Yesterday, I went to get ice cream. One of my favorite flavors: coffee Oreo. But when I got my order, my first thought was not to dig into the frozen goodness, but to take a picture and share it with the small portion of the world who followed me on Instagram.
Do we really feel the need to prove that we’re living our lives with a snapshot of every little movement? And who are we proving it to? People we haven’t seen since high school who will look with glazed-over eyes for approximately half a second, and then tap right along to the next image?
Being on Instagram is like being in that anti-depressant commercial where the woman is struggling on the inside, but carries around a fake smiley face to convince everyone she’s fine.
In the nine years Instagram has existed, we’ve become familiar with its structure and consequences of too much use. As with any form of social media, we know that people only post what they want the world to see. But add in Instagram’s visual platform, and filters distort our perceptions of reality, and comparing our daily lives to everyone else’s highlights (never mind how many likes on their pictures vs. ours) only results in stress and feelings of inferiority.
Perhaps that was why, in 2017, a study declared Instagram the worst app for young people’s mental health. Higher use of the app correlated with rates of depression and anxiety.
I’m guilty of mindlessly scrolling through posts of acquaintances’ nights out or friends’ vacations while I’m on the couch myself. When I’m procrastinating, I’ll swipe out my phone and stare numbly at photos. And then, cue the crushing doubt. Why is my life not like that? What could I be doing better?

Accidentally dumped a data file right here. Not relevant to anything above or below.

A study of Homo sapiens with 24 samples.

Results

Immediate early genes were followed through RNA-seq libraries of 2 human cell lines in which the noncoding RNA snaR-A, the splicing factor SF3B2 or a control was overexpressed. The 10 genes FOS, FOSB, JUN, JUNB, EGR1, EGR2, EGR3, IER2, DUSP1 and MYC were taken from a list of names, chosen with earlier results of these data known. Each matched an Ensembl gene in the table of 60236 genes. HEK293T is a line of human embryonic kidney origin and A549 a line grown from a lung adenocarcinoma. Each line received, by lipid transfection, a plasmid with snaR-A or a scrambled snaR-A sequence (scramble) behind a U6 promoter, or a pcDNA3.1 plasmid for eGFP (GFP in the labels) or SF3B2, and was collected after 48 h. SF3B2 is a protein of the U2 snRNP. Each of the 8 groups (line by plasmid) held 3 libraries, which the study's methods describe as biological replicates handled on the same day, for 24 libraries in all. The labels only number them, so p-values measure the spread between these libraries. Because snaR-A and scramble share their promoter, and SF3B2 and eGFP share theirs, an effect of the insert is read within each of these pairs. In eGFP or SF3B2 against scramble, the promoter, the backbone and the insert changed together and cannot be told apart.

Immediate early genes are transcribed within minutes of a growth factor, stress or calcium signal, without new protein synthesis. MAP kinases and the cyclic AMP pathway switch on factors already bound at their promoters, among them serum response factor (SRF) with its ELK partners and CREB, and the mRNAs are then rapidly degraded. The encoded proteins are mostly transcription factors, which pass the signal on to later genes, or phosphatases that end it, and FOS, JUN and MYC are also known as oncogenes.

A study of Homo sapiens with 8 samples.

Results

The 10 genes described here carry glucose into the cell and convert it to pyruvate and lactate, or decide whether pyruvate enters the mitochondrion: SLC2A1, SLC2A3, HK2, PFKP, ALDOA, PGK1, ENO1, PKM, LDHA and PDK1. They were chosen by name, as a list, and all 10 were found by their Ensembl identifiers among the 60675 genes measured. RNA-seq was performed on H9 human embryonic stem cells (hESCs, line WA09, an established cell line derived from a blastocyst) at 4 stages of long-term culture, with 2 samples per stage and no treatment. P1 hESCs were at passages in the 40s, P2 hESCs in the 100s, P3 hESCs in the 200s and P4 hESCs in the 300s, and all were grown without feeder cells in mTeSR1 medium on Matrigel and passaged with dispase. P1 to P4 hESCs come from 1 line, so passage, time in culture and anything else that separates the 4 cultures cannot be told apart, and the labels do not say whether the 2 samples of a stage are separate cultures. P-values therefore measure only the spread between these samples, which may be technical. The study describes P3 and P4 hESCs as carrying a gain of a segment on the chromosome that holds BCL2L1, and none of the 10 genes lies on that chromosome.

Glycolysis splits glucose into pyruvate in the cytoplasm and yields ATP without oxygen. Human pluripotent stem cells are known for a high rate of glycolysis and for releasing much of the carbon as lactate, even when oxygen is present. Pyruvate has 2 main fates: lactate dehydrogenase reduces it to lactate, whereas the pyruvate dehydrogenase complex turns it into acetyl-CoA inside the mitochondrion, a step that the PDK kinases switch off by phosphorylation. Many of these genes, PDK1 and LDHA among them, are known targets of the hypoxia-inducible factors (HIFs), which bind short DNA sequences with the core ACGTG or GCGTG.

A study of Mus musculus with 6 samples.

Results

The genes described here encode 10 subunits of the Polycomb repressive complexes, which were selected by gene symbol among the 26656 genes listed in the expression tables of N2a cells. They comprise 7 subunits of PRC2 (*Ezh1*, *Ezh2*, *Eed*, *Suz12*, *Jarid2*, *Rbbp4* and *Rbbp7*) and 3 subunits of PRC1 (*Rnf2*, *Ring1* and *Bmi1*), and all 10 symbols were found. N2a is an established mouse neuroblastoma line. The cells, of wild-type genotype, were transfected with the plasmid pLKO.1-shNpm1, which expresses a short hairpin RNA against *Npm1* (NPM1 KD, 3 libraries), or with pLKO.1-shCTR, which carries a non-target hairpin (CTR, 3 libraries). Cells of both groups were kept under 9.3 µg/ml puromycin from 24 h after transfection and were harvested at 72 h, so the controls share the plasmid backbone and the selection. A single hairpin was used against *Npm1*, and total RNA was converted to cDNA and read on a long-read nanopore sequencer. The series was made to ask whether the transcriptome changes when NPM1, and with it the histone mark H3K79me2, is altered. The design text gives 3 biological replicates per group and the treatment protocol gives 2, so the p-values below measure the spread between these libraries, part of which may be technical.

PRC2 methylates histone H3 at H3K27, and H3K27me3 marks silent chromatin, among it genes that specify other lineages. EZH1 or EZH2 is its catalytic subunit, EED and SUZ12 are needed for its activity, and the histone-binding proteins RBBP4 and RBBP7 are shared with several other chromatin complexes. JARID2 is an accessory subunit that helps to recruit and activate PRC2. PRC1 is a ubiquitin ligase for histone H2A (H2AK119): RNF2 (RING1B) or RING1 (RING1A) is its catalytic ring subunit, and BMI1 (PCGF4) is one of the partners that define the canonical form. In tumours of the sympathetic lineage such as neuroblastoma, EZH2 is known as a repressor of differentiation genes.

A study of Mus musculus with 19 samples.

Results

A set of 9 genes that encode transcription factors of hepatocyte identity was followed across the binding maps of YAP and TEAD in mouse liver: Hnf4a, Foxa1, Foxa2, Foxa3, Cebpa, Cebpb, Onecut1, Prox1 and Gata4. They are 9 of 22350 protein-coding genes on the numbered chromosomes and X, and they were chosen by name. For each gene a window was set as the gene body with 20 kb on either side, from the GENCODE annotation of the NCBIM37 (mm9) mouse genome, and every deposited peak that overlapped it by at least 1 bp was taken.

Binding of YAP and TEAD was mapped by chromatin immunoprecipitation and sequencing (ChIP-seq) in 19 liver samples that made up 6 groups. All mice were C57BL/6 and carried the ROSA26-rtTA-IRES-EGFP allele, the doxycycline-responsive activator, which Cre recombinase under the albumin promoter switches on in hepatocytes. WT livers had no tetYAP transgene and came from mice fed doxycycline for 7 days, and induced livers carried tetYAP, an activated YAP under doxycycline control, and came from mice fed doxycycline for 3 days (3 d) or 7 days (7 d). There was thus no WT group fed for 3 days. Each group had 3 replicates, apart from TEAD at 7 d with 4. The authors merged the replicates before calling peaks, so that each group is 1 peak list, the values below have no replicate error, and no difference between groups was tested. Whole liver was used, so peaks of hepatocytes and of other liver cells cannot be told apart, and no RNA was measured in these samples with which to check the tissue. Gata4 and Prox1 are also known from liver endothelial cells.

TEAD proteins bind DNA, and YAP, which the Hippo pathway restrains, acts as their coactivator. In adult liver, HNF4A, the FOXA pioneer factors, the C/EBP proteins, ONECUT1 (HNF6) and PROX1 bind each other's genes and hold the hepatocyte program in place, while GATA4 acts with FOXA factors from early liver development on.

The truth is, their lives aren’t even like that.
This we’ve accepted.
Have you heard of the green glass door riddle? I won’t spoil it if you haven’t, but the game isn’t as fun once you’ve figured out the rule.
If we can see through the facade that Instagram lets each of us create, why do we still fall victim to its comparison trap?
I don’t have the answer to that, but I do know that thinking others were constantly doing amazing things was seriously messing with my own happiness.
I thought about deleting the app for a period of time. I did that for over a month last year for Lent, and didn’t even feel like redownloading it. But I would miss the inspirational content I have seen people share on the platform, and it’s one main way I keep up with the musicians and artists I do follow. Plus, it’s challenged me to take better photos. And like it or not, social media isn’t going anywhere, so rather than ban it, we might as well try to use it in positive, healthy ways.
For me, at the moment, a healthy compromise means limiting my use of the app and viewing it as the tool that it is, by no means a validation of my life choices.